A BARROW metal detectorist has described making his most impressive discovery when scouring the fields round Dalton.

Lee Cresswell came across the 1,000-year-old belt buckle, known as a strap end, on November 25.

The British Museum examined the intricate item and deemed it dated back to the 9th or 10th century.

An inquest last month declared the strap end to be treasure and Mr Cresswell and the owners of the land where it was discovered will now decide what to do with their find.

"I've been metal detecting for two years," dad-of-five Mr Cresswell said.

"I have found many items from the Roman, Saxon, Bronze ages, and Viking items, all local finds.

"This strap end is the most unique item of my collection of finds."

Mr Cresswell, 37, explained how he approaches landowners, typically farmers, to seek permission to search their fields.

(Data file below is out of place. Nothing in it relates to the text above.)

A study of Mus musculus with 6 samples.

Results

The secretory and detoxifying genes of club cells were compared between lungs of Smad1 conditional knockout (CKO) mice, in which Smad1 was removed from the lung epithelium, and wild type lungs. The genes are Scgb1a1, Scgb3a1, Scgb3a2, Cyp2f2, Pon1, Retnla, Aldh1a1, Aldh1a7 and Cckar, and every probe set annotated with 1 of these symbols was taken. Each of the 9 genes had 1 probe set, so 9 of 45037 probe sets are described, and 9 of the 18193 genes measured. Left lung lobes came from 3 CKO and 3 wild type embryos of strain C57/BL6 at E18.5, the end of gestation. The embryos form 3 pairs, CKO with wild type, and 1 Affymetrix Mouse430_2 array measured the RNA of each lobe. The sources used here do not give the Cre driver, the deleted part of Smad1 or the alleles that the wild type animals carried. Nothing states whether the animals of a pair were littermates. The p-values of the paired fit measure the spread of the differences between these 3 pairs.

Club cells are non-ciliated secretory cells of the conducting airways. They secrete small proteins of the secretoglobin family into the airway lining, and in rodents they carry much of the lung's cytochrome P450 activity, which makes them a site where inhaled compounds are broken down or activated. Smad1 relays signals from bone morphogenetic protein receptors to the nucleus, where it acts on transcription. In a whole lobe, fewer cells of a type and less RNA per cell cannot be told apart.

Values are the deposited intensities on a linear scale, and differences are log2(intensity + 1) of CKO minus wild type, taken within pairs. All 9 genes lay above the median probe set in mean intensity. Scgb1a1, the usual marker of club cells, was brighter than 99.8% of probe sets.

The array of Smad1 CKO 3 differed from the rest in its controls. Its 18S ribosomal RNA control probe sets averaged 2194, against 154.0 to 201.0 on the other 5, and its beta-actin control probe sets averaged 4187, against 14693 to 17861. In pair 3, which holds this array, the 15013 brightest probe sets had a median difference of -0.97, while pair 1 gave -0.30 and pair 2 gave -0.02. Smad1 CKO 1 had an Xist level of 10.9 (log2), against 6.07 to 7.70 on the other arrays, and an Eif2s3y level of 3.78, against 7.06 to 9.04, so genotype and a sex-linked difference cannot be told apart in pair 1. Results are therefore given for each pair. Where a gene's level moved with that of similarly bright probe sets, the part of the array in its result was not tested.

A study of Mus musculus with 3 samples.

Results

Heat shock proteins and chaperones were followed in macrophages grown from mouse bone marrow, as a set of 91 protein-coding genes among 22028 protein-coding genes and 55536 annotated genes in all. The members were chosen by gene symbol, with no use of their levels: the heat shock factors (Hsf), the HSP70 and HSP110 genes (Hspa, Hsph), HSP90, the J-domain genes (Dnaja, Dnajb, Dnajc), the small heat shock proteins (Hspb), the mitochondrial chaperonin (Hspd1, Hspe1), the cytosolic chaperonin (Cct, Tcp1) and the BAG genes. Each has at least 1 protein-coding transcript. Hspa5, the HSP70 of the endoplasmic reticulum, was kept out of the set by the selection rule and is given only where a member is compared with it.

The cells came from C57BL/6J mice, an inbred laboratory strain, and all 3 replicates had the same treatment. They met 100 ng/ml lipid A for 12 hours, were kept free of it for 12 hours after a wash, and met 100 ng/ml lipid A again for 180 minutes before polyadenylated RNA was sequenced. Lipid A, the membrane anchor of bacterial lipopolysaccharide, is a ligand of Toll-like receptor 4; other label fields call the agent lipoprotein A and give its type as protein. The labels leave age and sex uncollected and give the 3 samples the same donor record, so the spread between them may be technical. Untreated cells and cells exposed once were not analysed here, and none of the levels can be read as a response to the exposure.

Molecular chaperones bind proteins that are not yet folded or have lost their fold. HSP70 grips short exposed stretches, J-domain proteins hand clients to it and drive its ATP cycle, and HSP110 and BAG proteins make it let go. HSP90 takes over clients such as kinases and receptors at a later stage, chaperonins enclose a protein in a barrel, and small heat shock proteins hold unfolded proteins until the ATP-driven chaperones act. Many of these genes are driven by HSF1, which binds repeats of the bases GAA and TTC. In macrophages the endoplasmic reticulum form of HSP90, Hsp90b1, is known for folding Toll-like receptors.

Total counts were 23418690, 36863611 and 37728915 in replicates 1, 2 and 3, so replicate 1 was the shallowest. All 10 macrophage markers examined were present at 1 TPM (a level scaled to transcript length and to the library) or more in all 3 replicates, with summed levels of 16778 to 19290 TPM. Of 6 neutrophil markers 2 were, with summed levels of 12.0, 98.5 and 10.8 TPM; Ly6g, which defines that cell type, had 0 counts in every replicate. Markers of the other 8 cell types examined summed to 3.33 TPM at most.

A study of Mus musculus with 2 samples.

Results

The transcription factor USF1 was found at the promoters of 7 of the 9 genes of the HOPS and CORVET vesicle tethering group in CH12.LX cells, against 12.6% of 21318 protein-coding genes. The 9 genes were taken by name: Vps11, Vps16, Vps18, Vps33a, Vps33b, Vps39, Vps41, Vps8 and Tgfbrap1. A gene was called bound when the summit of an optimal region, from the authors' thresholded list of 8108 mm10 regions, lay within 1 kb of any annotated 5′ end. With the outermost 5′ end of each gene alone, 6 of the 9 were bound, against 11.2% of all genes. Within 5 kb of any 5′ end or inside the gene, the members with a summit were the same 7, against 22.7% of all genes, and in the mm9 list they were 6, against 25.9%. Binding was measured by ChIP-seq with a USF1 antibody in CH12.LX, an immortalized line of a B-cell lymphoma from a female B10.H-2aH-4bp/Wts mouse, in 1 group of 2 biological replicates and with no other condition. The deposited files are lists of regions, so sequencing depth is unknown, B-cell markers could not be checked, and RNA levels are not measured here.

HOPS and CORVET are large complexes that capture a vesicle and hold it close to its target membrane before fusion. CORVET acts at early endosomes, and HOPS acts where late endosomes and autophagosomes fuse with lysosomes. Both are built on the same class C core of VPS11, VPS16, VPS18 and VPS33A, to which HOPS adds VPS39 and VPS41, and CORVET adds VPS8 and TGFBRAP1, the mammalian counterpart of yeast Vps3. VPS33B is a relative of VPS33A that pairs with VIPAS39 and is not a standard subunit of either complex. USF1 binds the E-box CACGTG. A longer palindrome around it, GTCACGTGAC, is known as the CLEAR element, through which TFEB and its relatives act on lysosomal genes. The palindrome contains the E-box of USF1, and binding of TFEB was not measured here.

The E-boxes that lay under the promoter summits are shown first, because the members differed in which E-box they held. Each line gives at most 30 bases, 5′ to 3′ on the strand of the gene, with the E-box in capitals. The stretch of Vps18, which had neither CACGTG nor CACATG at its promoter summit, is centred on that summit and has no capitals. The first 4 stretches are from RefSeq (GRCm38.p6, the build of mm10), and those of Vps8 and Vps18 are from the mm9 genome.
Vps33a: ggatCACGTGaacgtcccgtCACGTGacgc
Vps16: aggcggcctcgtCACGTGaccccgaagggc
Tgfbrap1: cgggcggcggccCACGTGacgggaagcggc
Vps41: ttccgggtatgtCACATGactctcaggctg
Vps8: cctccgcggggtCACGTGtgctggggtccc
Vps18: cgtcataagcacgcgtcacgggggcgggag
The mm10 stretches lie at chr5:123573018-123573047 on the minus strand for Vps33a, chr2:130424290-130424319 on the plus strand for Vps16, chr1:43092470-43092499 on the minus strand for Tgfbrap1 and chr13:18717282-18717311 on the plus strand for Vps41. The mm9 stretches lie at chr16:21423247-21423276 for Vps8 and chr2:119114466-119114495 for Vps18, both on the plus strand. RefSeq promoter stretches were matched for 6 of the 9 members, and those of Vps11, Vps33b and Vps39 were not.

An agreement is then made whereby the value of any items will be split equally between him and the landowner.

"To gain land owners permission, we phone and speak to the farmer and arrange a meet and greet to introduce ourselves before we get permission to go on their land," he said.

"All of my farmers are quite interested in the history of their land and are interested in the finds I get.

"We have an understanding that anything of value is split 50/50."

During the treasure inquest it was revealed the Dock Museum was interested in buying the strap end which is something Mr Cresswell will now consider.

"I have an understanding the Dock Museum are wanting to acquire the strap end, which would be great.

"I have no idea what this would be worth, it is currently going through valuation."

Mr Cresswell revealed his children follow their dad's hobby, with daughter Brianna assisting in cleaning any finds while son Dale "is forever asking to use my detector and will often be found digging up our garden!"